For Christmas this year, Kim and I bought a new digital SLR camera: a Canon Rebel XSi. Although we have had the camera for a while now, I had not really had much time to play around with it until this past weekend when I went with my photographer friend Ken to shoot around Yale. Ken also shoots with a Canon, so I enjoyed getting a few pointers from him to get me back into the swing of shooting with a SLR (I used to shoot with an old film SLR many years ago). I have always enjoyed photographing architecture, and I look forward to many more years of enjoyment with our new toy.
I just so happens that Ken beat me to the blogosphere with his description of our excursion--you can check out his photographs on his blog. Below are posted some of my own photos for your perusal. Enjoy!
Google honored Pollock today with an image of one of his paintings on their search header. Clicking on the painting resulted in a number of interesting internet hits, including this really cool website. Now you too can make your very own digital dribble!
On another note, the 2000 movie Pollock, starring Ed Harris, is well worth renting if you have not seen it already. In addition to the movie's artful dramatization of Jackson Pollock's rise and demise, the music by Jeff Beal is quite stunning, successfully capturing the frenetic pace of Pollock's art and life.
This afternoon I took my fourth ARE: "Building Design & Construction Systems." I think this was probably the hardest of the tests I have taken so far because the range of topics covered was very broad and so it felt difficult to prepare for. Also, there were three drawing components to complete in 2 hours 45 minutes, which felt a little tight. As with the other drawing components I have taken, when you get near the end of the testing time, you have to make a decision: do I nit-pick and play around with my proposed solution to make it better (and risk submitting an incomplete solution when the time runs out!), or do I leave it as it is, even though it may include minor mistakes. I have chosen the latter option each time: it is, I think, far better to have a complete solution with a few mistakes than to have one that really is not complete at all.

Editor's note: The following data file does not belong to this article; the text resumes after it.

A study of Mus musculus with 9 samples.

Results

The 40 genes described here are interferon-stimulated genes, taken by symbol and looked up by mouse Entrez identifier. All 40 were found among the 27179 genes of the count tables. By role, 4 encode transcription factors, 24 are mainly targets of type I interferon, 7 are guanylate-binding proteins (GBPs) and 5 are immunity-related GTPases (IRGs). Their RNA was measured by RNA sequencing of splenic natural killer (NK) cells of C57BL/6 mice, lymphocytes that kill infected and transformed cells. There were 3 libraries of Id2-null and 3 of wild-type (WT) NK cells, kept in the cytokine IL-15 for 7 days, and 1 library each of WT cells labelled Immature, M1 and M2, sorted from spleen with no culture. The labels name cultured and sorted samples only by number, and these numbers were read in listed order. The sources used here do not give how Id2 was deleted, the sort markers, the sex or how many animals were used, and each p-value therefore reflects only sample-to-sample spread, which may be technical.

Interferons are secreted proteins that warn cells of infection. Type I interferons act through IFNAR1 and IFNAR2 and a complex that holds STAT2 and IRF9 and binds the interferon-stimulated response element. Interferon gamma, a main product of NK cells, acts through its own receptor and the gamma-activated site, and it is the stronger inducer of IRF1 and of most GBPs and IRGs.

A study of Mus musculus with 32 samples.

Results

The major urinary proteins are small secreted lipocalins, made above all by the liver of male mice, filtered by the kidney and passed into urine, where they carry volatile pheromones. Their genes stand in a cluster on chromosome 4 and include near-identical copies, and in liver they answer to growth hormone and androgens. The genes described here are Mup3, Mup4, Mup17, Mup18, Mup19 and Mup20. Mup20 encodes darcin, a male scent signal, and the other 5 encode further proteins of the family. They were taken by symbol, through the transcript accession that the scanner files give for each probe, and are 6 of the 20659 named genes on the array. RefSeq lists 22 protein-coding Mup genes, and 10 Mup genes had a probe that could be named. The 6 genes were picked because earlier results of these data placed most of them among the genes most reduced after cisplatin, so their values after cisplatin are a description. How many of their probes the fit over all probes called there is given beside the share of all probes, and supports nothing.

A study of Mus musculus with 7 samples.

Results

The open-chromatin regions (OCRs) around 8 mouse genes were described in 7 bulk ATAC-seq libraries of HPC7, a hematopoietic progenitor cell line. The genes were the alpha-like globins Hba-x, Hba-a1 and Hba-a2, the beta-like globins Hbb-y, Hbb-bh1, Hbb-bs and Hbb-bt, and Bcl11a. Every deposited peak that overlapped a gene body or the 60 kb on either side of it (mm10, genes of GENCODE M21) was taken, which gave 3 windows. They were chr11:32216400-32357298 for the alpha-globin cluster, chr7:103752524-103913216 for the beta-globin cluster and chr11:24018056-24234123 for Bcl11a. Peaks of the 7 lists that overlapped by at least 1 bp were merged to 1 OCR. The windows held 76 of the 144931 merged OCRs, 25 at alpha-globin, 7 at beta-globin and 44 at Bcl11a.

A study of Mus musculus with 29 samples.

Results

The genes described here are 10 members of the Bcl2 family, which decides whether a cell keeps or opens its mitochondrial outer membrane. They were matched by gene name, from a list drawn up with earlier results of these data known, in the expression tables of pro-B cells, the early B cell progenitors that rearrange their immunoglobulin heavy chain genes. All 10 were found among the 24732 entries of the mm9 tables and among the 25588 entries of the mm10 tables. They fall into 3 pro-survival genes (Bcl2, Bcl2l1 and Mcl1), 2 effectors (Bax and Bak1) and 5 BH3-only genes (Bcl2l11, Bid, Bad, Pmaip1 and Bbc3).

Although I did feel the test was fairly difficult, I left the testing facility feeling comfortable if not confident in my performance. However, like the other two tests I am awaiting scores for, I will hold my true celebration until receiving my final score in the mail, whenever that may be!
Each time I get nervous about the tests, I have to remind myself that I do not have to overperform, I simply have to meet the minimum requirements. I am generally not a "minimum requirements" kind of guy, but in this case I am just trying to power through all 7 exams as quickly as I reasonably can. Next up, "Building Systems" in February!